Sofia is a lover of essays and coming of age stories, a sucker for hopeless romantic protagonists, and a whistler of tunes. When not humming whilst hastily jaunting about the store, Sofia can be found wearing overalls, pondering on a park bench, curating playlists for the vibes, and not following recipes while baking. She shelves biographies, essays, reference, romance, sportsball, and humor. She has a BA in English and International Studies from UW.
This book is simultaneously uncomfortable and endearing, remaining in an amorphous zone of being content and discontent and constantly questioning what it means to see and to be seen. Dusapin writes of the acquaintance between a young receptionist at a tourist hotel on the border between North and South Korea and a visiting French graphic novelist. As they explore the area and grow close, the distance between them remains. It is slow, uneventful, and absolutely gorgeous. Dusapin's words and Higgins's ensnaring translation will leave you grasping for more until the very last sentence.
This is one of the wackiest, most elusive, and most bizarre books I've encountered in a while. The protagonist, whose first name remains unknown, pretends to be pregnant at work to be relieved of the mindless tasks her male coworkers blatantly assume she'll do: making coffee, distributing snacks, cleaning, etc. Committing to the ruse, she gains a new sense of identity, tracking her body's changes, eating for the baby, going to aerobics for the baby...but what baby??? You'll be confused and delighted until the very last week of the pregnancy and the very last page of this book.
In four essays totaling less than 200 pages, Febos writes of "death, trauma, love, loss, recovery." She advocates for writing about the body and the self, for writing sex scenes without rules of taboo words and shame, and for writing as an act of confession and reckoning with lived experience and trauma. This is not a memoir or just advice on craft, but a beautiful reflection of identifying as a writer.
This book is like a warm hug, a cup of tea, and a slice of freshly baked banana bread in the middle of a snow storm. With just as much charm, if not more, as her debut The Charm Offensive, Cochrun has written a love story that deals with dysfunctional family dynamics, the fake-fiancé-who-turns-out-to-be-the-brother-of-the-woman-you-fell-in-love-with-last-Christmas, relatable discussions of mental health and identity, and overall Portland energy. The vibes are wonderful, it's lovely and queer, it's my favorite romance that I've read this year!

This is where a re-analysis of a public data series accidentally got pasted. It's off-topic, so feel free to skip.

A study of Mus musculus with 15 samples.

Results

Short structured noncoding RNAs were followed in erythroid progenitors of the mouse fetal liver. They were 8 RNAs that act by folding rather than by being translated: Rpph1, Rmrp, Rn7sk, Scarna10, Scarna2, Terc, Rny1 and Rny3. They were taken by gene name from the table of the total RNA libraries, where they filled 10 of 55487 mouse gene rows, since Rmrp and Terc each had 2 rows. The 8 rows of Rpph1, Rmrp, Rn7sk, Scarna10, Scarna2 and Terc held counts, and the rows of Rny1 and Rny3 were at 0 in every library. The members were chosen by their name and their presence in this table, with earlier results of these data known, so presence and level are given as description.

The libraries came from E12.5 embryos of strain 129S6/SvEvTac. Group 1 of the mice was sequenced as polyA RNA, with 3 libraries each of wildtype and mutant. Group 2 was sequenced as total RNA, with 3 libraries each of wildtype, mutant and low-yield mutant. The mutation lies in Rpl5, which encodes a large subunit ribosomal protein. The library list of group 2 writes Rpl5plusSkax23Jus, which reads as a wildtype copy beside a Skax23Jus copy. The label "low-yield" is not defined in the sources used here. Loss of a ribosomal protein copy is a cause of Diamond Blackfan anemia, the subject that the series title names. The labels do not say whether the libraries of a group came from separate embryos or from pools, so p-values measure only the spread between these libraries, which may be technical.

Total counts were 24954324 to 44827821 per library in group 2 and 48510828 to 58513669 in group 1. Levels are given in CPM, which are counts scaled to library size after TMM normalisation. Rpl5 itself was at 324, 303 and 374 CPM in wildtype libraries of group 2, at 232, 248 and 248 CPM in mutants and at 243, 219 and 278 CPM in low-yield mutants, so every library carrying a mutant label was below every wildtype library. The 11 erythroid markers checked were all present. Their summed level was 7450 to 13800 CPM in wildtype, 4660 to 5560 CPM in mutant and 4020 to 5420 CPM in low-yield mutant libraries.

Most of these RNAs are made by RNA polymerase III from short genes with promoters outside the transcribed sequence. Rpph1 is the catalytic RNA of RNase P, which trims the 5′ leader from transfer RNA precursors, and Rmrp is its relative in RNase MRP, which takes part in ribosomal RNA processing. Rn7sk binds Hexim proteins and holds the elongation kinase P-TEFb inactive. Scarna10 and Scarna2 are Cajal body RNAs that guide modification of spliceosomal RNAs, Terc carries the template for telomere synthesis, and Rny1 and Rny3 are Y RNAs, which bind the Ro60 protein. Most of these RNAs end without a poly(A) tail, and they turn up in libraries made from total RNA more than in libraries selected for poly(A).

Srinivasan has written a moving and reflective exploration of some of the biggest topics within feminism today, with nuance and great consideration of multiple points of view. Her analyses of incel culture, the rights of sex workers, pornography, the relationships between students and professors, and the role of intersectional thinking within each are provocative and thorough. You will continue to ponder each of these essays long after you've finished the collection.
This book feels transfixing in the way fluorescent convenience store lights are, with a low-grade eerie buzzing. The writing is slow yet staccato, but at less than 200 pages it'll fly by. It's uncomfortable yet an enthralling take on how comfortable work, routine, and capitalism can be and how much a job can control your very being.
Each sentence in this novel is crafted to imperfect perfection. Smith writes like a modernist (think Forster with a bit of Woolf) with a layer of tomfoolery atop heaviness and betrayal. This will soothe as much as it will leave you with so many questions (in the absolute best way).
In less than 100 pages, Smith continues her exploration of her childhood, grief, Rimbaud, art, and love seen in her other books, now partially through the lens of late 2020. It's lyrical and beautiful, as Smith's words always are. And it fits in your pocket!
This ALMOST made me want to watch reality dating shows but something tells me I'll be disappointed after reading this. It's quite sweet and, as you can imagine, quite charming. Charlie and Dev are both sweethearts in their own ways, with a handful of strong women surrounding them. If you're looking for a queer love story shining a light on the impact of mental illness in relationships and the everyday, look no further!
These essays, written between 1968 and 2000, highlight what made Didion one of a kind. "Why I Write," "On Being Unchosen by the College of One's Choice," and "Some Women" are individually phenomenal but together within the collection encapsulate Didion's simultaneously critical and caring tone. She's no-nonsense, she's cool, she writes each word with precision and purpose, she's Joan!!!
This book was recommended to me by a friend and now I wish to recommend it to all of you, friends! Shire's words are monumental, compelling, heartbreaking, and simply incredible. You may need a moment to stare at a wall, in silence, after finishing this. Read this then give it to a friend to read as well.
Do you love video games? No? Not me either, but I still loved this book! This is a book about having someone to play with and a recognition that the child in us often needs a pat on the back. Zevin takes you on waves of emotion as you learn to love Sam, Sadie, and Marx as they come of age into often unlikable 20something year olds. Zevin explores grief, family, friendship, love, childhood, parenthood, fame, Shakespeare, and so much more. It's heavy, it's emotional, it's frustrating, it's endearing, and it's a joy to read. Good luck, happy gaming, and happy reading!